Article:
ShopChat’s new Rakuten-backed keyboard makes impulse shopping even easier
RAKUTEN might be investing in the future of mobile keyboards, and abetting online shopping addicts in the process.
As reported by e27, the Japanese e-commerce giant led a US$1.25 million round into ShopChat – an American startup which has developed a “mobile shopping keyboard”.
ShopChat works just like a third-party emoji keyboard would: Users can browse online shops and make purchases while chatting as well as share the product they’re about to buy with friends.
ShopChat claims to be the first in the world to develop such an app and is currently patent-pending.
According to the startup, it has signed up 100,000 users while in beta and 32 percent of these users have shared a product with friends via chat. The app, currently only in iOS, works with the likes of Apple iMessage, Facebook Messenger, Viber, WhatsApp, WeChat and so forth.
According to ShopChat co-founder and CEO Zephrin Lasker, while shopping bots were once hailed as the future of e-commerce, users have hardly begun to warm up to them.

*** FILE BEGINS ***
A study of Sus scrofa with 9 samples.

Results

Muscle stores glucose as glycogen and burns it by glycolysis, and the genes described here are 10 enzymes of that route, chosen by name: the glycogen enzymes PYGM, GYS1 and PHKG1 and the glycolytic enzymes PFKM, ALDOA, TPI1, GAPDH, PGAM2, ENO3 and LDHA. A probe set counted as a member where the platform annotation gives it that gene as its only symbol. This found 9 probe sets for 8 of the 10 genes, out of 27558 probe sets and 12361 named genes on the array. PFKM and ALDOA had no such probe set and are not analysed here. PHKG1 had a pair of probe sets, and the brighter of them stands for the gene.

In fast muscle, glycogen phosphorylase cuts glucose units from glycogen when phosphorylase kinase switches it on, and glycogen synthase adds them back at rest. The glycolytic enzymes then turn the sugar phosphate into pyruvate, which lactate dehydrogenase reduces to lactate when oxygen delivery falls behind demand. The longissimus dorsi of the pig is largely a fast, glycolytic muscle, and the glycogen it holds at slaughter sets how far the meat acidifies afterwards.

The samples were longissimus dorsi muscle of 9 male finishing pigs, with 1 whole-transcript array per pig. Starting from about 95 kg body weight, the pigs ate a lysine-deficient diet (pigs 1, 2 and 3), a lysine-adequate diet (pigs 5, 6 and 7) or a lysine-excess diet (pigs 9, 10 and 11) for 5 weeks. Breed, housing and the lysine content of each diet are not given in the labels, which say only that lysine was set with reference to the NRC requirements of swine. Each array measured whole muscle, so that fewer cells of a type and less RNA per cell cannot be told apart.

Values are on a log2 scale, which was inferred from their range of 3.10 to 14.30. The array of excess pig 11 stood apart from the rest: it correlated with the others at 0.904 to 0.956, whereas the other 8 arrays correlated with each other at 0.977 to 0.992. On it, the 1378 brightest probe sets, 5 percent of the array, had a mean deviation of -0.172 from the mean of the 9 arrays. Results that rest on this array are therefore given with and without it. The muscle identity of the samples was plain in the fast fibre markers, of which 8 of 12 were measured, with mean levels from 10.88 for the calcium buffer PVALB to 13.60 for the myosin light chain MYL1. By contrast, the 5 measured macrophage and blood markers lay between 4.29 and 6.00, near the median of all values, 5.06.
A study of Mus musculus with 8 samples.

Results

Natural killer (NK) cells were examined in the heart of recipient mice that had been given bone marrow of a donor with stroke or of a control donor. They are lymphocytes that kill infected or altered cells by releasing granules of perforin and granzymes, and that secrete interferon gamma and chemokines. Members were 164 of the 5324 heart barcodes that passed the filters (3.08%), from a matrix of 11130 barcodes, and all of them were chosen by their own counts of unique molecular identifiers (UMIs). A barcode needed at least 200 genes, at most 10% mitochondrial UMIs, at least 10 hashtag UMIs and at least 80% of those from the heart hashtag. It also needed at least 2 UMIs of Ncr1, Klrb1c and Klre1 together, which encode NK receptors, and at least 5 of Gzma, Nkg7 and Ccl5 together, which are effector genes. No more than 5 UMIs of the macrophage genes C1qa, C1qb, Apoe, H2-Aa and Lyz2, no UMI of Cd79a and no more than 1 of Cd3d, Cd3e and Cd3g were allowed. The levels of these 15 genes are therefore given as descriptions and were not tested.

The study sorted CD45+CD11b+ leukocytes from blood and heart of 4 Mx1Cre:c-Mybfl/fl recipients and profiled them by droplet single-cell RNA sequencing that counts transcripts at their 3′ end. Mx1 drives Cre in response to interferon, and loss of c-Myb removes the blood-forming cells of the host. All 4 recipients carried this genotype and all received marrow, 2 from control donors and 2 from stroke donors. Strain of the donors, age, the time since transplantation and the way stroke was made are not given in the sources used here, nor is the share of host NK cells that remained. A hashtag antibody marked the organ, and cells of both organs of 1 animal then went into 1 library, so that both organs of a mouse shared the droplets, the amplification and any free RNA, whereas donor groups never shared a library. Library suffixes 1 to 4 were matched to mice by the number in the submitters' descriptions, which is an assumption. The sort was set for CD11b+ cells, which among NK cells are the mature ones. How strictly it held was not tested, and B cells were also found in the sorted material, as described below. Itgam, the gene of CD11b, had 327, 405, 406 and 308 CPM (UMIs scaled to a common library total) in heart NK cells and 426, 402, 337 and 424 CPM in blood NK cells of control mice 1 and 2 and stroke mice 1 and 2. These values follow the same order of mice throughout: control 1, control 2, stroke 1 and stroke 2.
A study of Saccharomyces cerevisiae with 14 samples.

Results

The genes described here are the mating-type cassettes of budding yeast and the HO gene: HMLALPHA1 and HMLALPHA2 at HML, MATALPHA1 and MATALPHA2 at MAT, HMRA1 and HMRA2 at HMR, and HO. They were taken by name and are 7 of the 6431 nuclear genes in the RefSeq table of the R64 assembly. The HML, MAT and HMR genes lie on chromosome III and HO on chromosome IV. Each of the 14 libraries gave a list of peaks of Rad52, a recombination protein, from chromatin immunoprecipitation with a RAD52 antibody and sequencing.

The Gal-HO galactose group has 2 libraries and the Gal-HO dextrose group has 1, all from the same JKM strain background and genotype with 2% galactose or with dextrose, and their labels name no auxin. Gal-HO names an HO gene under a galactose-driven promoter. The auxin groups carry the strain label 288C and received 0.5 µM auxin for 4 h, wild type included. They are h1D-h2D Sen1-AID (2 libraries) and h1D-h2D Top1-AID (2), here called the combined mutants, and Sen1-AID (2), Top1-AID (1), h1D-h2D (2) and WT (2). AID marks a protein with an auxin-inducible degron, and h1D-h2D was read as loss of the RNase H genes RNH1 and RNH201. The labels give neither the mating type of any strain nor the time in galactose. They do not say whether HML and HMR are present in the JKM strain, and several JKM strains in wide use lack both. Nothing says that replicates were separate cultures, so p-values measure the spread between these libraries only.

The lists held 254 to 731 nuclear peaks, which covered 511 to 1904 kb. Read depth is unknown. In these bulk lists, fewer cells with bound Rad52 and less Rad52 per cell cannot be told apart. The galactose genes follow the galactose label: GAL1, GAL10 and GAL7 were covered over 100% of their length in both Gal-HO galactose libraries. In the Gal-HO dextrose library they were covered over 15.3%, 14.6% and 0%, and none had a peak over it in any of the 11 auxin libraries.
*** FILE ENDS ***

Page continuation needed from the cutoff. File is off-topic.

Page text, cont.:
“No one really wants to talk to a computer, any more than they want to talk to a voice response system. That’s been the problem with shopping bots,” Lasker said in a release.
“What people really want is a better way to share products with friends, and to be able to buy right from chat, where they are already spending most of their time.”
And “spending most of their time” is right, as a 2016 AppAnnie report points to usage penetration of top messaging apps being off the charts – with countries in the Asia-Pacific region in the lead. Specifically, 90 percent of iPhone users in China and South Korea have been active users of messaging apps since 2014.
Not to mention Asia is home to a number of mobile-first markets where mobile commerce is hardly a trend of the future, but of the present. It is in Asia an app like ShopChat can be particularly dangerous for online shopping addicts – as users are already comfortable with making purchases on their mobile devices.